This exhibition bookends the career of Richard Koppe (1916-1973). One wall is lined with delicate, subtly colored gouache miniatures from 1938 when the twenty-two-year-old was fresh out of art school in St. Paul and Chicago. The opposite walls are hung with the large, aggressive, hard-edge panels from a 1970 exhibition at the Museum of Contemporary Art. What’s missing is the more lighthearted, whimsical work from his middle years spent as a designer and instructor at the Institute of Design.
The early works appear to be variations on a seated Picasso female in cubist space. They are more like exercises in design than anything to do with women: sexy, angry or otherwise, but they are delightfully low-key and melancholy. The late works—bold designs of solid, simple shapes in primary colors—are as ebullient and in-your-face as a wall display in a sporting goods store, minus the team logos.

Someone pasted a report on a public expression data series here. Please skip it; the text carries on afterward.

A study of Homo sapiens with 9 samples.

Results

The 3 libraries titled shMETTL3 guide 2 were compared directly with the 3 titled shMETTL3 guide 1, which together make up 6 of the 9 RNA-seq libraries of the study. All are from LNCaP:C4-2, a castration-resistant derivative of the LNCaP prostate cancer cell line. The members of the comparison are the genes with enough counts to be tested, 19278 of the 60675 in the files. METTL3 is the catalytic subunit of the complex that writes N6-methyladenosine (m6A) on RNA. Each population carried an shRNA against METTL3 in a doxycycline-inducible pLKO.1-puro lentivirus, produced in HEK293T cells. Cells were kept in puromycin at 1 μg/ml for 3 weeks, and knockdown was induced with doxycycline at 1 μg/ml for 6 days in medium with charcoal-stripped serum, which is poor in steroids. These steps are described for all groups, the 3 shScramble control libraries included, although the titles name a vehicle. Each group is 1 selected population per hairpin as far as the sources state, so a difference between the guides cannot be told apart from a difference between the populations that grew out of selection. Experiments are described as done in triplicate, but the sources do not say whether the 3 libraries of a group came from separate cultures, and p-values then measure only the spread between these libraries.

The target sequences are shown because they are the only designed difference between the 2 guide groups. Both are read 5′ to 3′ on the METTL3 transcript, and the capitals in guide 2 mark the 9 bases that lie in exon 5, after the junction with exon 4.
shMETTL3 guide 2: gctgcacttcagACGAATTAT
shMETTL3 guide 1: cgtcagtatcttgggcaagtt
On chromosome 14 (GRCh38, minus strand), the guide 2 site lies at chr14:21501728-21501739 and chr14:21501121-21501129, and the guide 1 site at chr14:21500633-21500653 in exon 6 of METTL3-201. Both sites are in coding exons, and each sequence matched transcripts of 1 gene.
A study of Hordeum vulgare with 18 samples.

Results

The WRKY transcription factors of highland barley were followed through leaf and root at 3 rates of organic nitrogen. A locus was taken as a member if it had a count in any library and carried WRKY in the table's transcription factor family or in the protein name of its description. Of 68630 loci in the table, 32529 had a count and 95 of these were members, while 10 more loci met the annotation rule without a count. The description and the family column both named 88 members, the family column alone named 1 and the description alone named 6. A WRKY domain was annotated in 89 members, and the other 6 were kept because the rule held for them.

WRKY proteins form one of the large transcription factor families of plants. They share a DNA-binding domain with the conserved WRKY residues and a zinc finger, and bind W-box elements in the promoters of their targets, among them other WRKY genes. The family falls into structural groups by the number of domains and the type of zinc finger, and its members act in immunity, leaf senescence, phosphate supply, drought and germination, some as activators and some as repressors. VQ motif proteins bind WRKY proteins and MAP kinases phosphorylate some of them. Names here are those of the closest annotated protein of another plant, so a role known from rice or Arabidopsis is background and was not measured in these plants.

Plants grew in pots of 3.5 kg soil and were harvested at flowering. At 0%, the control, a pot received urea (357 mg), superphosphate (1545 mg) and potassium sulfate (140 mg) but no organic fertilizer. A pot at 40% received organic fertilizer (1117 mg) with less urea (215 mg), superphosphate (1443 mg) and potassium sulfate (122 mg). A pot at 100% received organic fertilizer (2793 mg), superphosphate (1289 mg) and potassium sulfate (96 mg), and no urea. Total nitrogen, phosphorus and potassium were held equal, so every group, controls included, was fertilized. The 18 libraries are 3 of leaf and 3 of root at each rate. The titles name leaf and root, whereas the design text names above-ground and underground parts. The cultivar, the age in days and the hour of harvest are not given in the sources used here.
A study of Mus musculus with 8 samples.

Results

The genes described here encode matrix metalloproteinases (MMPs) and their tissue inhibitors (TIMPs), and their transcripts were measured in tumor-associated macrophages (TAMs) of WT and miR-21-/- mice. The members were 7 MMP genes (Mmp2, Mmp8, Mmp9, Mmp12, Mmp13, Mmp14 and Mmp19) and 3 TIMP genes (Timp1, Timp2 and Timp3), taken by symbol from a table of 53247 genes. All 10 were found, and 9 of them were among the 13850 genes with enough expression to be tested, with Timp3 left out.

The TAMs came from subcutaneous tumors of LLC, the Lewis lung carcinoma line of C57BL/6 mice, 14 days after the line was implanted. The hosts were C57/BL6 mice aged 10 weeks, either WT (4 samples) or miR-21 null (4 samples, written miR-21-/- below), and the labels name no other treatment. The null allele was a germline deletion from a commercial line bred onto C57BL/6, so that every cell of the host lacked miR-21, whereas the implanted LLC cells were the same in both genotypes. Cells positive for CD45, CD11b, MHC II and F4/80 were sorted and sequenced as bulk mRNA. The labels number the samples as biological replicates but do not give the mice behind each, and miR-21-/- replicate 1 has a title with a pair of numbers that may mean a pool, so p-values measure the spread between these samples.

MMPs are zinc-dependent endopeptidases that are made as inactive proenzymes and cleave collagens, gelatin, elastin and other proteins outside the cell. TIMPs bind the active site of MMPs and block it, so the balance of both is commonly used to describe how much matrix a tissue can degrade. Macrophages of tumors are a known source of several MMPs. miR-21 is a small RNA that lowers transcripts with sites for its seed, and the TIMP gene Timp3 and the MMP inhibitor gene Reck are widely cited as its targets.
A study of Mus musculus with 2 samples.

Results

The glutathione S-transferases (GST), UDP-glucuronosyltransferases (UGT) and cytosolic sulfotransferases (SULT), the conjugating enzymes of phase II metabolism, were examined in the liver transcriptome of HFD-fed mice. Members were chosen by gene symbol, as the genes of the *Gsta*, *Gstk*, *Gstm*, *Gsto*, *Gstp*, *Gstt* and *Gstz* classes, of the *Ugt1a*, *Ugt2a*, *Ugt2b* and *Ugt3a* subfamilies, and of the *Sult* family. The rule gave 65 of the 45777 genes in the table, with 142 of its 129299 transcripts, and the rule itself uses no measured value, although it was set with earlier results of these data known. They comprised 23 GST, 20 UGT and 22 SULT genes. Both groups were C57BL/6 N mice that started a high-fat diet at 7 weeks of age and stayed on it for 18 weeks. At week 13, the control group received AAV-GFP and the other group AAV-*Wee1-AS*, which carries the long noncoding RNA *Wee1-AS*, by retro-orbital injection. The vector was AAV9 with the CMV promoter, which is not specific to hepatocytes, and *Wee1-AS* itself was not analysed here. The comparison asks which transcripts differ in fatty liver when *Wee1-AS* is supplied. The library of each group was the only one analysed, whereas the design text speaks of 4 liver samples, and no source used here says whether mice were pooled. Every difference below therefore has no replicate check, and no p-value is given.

Koppe’s stylistic transformation echoes the cultural history of America as it moved from the anxiety of the Great Depression to the wacky commercial exuberance of the 1960s. Almost all of it points to a creative mind that loved to meticulously arrange things, though a few of the later pieces do seem to have joined the postmodern project of assaulting the eye with commercial banality.
As a bonus, the gallery is also showing two screen-prints by the artist’s second wife, Catherine Hinkle. With delicate colors hanging from a net-like grid, her mellow designs create a comfortable, lively fabric. It’s too bad her career seems to have been under the shadow of her husband’s. (Chris Miller)
Through January 26 at Corbett vs. Dempsey, 1120 North Ashland.